Stanford University researchers have reported 97 percent laboratory success eliminating metastasized tumors in mice by injecting vaccines directly into tumors to activate T cells.
Ronald Levy and Idit Sagiv-Barfi have led a team at the Stanford University School of Medicine to develop what they believe could be a possibly wide-ranging cancer treatment that involves injecting microgram (one-millionth of a gram) amounts of two immune-stimulating agents directly into solid tumors.
The discovery was published in Science Translational Medicine on Jan. 31.
The researchers did not disclose the two-part cocktail being injected into tumors, but they did acknowledge that one agent has already been approved for human use, and the other agent has been approved for human testing in several unrelated clinical trials.
The procedure has been shown to be effective against a wide spectrum of cancers, including what researchers referred to as “distant, untreated metastases cancers” that arose spontaneously during laboratory animal tests.
Researchers believe the direct injections of very small amounts of the cocktail of two agents could serve as a rapid and relatively inexpensive cancer therapy, with a very low likeliness of causing the type of human immune reaction that causes patient side-effects.
The success rate in animals was so high that human lymphoma patients have already been recruited to participate in a Stage 1 human clinical trial that began in month.
Ronald Levy, MD, professor of oncology, who holds the Robert K. and Helen K. Summy Professorship in the School of Medicine, is the senior author of the study. He is a pioneer in the field of cancer immunotherapy, trying to stimulate immune systems to more effectively attack cancer cells. Levy led the effort to development rituximab, one of the first monoclonal antibodies to receive FDA approval for human anticancer therapies.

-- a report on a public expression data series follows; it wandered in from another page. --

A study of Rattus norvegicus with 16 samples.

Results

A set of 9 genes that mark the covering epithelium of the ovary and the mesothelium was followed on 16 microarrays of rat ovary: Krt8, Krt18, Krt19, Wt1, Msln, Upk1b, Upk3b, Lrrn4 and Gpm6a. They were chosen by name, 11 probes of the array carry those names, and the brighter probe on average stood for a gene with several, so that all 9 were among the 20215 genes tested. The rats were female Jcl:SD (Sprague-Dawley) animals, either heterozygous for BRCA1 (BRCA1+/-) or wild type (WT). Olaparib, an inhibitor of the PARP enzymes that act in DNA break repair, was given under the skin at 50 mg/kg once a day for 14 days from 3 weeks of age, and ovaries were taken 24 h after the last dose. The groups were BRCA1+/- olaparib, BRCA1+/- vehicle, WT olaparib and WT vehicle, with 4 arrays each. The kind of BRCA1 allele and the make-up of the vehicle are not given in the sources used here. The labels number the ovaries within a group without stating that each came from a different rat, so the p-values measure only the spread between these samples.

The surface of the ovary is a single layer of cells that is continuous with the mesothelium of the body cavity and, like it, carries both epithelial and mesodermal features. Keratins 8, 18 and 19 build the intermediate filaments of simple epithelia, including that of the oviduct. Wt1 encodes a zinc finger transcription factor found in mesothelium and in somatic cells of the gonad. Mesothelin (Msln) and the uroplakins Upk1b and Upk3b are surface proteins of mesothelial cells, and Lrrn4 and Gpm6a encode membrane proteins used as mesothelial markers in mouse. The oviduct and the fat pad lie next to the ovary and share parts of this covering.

Cancers often exist in a type of limbo with regard to the immune system. Immune cells like T cells recognize the abnormal proteins that attach to cancer cells, and they infiltrate to attack the tumor. However, as the tumor grows, it often devises defensive responses to suppress the activity of the T cells.
But once Stanford researchers used their technique to activate tumor-specific T cells in the original tumors, T-cells were also released and traveled through the animal subjects to find and destroy identical tumors throughout the mice.
According to Dr. Levy: “When we use these two agents together, we see the elimination of tumors all over the body.” He added “This approach bypasses the need to identify tumor-specific immune targets and doesn’t require wholesale activation of the immune system or customization of a patient’s immune cells.”